Summary: A new study reveals researchers have identified areas of the brain which are different in those who regularly smoke and drink alcohol. Researchers discovered the medial orbitofrontal cortex, and area of the brain implicated in reward, has higher functional connectivity in drinkers. In those who smoke, the lateral orbiotfrontal cortex, an area of the brain linked to impulsive behavior, has lower functional connectivity. The study suggests nicotine may increase overall brain connectivity, which may lead to increased smoking behaviors.
Source: University of Warwick.
Academics at the University of Warwick have found that low functional connectivity of the lateral orbitofrontal cortex that is associated with the tendency to smoke is associated with increased impulsiveness – which may contribute to the tendency to smoke. The high connectivity of the reward-related medial orbitofrontal cortex in drinkers may increase the tendency to be attracted to the reward of alcohol consumption.
A new study by Professor Jianfeng Feng, Professor Edmund Rolls from the Department of Computer Science at the University of Warwick, in collaboration with Dr. Wei Cheng from Fudan University, China, examined the neural mechanisms underlying two key types of substance use behavior, smoking and drinking.
In 2000 participants they found that smokers had low functional connectivity in general, and especially in the lateral orbitofrontal cortex, a region of the brain associated with impulsive behavior. This suggests that people who smoke may do so to increase their overall brain connectivity with the stimulating effect of nicotine; and that being impulsive may be a factor leading to smoking.
Drinkers of alcohol had high overall brain connectivity, especially in the medial orbitofrontal cortex, a region implicated in reward. It is suggested that the high connectivity of this reward-related brain region may be a factor in attracting some individuals to alcohol.
Importantly the extent of these functional connectivity changes in the brains of drinkers and smokers correlated with the amount of alcohol and nicotine being consumed. Critically they were even detectable in individuals smoking only a few cigarettes or drinking one unit of alcohol every day.
Another key discovery is that it was possible to relate the connectivity at age 14 to who would smoke or drink at age 19. This opens up the issue of causality in addiction.
Professor Edmund Rolls, from the University of Warwick’s Department of Computer Science, comments: “These discoveries help to show that there are different neural bases of different types of addiction, and that the orbitofrontal cortex, a key brain region in emotion, is implicated in these two types of addiction.”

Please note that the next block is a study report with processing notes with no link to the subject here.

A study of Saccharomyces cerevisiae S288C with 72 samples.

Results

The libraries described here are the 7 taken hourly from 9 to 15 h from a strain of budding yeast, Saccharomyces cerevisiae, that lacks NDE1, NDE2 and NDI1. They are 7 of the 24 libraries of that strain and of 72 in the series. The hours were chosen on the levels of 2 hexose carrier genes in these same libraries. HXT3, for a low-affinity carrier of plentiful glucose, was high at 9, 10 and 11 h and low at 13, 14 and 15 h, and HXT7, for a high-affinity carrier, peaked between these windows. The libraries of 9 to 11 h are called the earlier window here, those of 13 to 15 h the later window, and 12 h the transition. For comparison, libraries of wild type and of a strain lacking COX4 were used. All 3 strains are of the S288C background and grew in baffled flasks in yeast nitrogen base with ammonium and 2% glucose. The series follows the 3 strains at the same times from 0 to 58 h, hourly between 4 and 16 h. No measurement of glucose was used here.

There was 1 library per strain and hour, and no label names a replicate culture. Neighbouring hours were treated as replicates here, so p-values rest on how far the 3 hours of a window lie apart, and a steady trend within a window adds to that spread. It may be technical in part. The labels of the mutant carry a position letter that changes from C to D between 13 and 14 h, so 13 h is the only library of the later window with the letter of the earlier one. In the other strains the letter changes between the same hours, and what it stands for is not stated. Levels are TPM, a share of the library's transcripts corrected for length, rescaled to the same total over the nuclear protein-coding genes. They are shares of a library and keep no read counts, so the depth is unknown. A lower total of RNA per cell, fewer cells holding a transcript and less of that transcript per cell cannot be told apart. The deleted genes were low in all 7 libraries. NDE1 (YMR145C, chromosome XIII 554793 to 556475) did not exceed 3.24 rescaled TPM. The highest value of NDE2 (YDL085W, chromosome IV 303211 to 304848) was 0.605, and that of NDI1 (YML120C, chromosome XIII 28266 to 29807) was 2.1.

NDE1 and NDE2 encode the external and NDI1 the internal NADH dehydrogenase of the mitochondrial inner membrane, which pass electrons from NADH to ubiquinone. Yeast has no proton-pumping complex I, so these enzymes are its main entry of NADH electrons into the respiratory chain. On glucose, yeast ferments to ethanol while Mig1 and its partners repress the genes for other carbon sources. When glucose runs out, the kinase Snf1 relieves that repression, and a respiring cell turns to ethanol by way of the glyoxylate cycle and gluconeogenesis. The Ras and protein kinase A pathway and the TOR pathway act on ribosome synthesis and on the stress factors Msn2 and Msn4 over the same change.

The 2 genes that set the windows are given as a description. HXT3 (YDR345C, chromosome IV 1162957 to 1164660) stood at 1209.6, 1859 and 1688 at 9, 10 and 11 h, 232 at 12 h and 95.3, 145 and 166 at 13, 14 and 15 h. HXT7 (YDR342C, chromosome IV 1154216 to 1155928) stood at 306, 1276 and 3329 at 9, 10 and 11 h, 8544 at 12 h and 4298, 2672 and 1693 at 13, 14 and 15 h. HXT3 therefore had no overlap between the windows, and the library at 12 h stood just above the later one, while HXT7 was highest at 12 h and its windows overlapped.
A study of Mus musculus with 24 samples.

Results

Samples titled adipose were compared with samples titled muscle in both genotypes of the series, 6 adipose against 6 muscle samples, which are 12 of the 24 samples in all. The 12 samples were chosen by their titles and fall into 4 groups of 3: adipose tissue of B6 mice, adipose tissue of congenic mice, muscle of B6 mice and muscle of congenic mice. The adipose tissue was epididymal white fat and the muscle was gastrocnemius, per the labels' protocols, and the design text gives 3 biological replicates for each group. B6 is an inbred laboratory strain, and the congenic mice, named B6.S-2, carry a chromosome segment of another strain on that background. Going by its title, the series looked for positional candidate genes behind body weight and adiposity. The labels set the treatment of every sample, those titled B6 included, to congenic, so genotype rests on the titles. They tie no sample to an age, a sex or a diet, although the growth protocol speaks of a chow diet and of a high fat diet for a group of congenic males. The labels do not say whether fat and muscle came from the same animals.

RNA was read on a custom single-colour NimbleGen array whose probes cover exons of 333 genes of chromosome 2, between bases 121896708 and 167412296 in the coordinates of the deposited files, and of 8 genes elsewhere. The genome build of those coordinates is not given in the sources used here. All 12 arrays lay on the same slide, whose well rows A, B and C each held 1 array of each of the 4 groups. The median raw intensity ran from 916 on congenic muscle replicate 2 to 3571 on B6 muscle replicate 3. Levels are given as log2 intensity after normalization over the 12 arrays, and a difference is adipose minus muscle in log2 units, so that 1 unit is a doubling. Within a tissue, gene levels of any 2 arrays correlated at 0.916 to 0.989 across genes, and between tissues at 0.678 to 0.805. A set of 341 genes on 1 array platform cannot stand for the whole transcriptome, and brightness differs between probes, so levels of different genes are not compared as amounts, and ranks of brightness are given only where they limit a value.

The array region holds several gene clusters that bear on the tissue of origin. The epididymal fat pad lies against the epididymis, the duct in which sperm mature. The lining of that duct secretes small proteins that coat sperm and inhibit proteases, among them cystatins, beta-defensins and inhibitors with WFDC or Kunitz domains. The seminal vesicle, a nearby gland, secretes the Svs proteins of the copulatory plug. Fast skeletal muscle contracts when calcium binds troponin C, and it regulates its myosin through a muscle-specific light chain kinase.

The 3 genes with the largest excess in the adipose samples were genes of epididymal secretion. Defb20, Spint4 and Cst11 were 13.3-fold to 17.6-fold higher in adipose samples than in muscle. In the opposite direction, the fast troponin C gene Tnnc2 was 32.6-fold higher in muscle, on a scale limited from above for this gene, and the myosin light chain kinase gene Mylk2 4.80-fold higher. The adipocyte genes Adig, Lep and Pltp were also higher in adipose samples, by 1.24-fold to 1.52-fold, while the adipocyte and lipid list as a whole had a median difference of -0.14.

Professor Jianfeng Feng, from the University of Warwick’s Department of Computer Science comments: “These findings could have important public health implications, as both drinking and smoking affect a large population worldwide. According to a WHO investigation, there are over 1.1 billion people who smoke tobacco in the world, and more than 7 million people die each year due to the use of tobacco. As well as 2.3 billion people worldwide who are currently drinkers, with more than a quarter of all 15-19 year old teenagers drinking. More than 3 million people die as a result of the harmful use of alcohol each year.
“These are key discoveries that advance our understanding of the neurological bases of smoking and drinking and also provide new evidence on the different neurological mechanisms that are related to these two types of human addictive behavior, smoking and drinking, and these advances have implications for prevention and treatment of these two substance use.”
About this neuroscience research article
Source: Alice Scott – University of Warwick Publisher: Organized by NeuroscienceNews.com. Image Source: NeuroscienceNews.com image is credited to University of Warwick. Original Research: Open access research for “Decreased brain connectivity in smoking contrasts with increased connectivity in drinking” by Wei Cheng, Edmund T Rolls, Trevor W Robbins, Weikang Gong, Zhaowen Liu, Wujun Lv, Jingnan Du, Hongkai Wen, Liang Ma, Erin Burke Quinlan, Hugh Garavan, Eric Artiges, Dimitri Papadopoulos Orfanos, Michael N Smolka, Gunter Schumann, Keith Kendrick, and Jianfeng Feng in eLife. Published January 8 2019. doi:10.7554/eLife.40765
Decreased brain connectivity in smoking contrasts with increased connectivity in drinking
In a group of 831 participants from the general population in the Human Connectome Project, smokers exhibited low overall functional connectivity, and more specifically of the lateral orbitofrontal cortex which is associated with non-reward mechanisms, the adjacent inferior frontal gyrus, and the precuneus. Participants who drank a high amount had overall increases in resting state functional connectivity, and specific increases in reward-related systems including the medial orbitofrontal cortex and the cingulate cortex. Increased impulsivity was found in smokers, associated with decreased functional connectivity of the non-reward-related lateral orbitofrontal cortex; and increased impulsivity was found in high amount drinkers, associated with increased functional connectivity of the reward-related medial orbitofrontal cortex. The main findings were cross-validated in an independent longitudinal dataset with 1176 participants, IMAGEN. Further, the functional connectivities in 14-year-old non-smokers (and also in female low-drinkers) were related to who would smoke or drink at age 19. An implication is that these differences in brain functional connectivities play a role in smoking and drinking, together with other factors.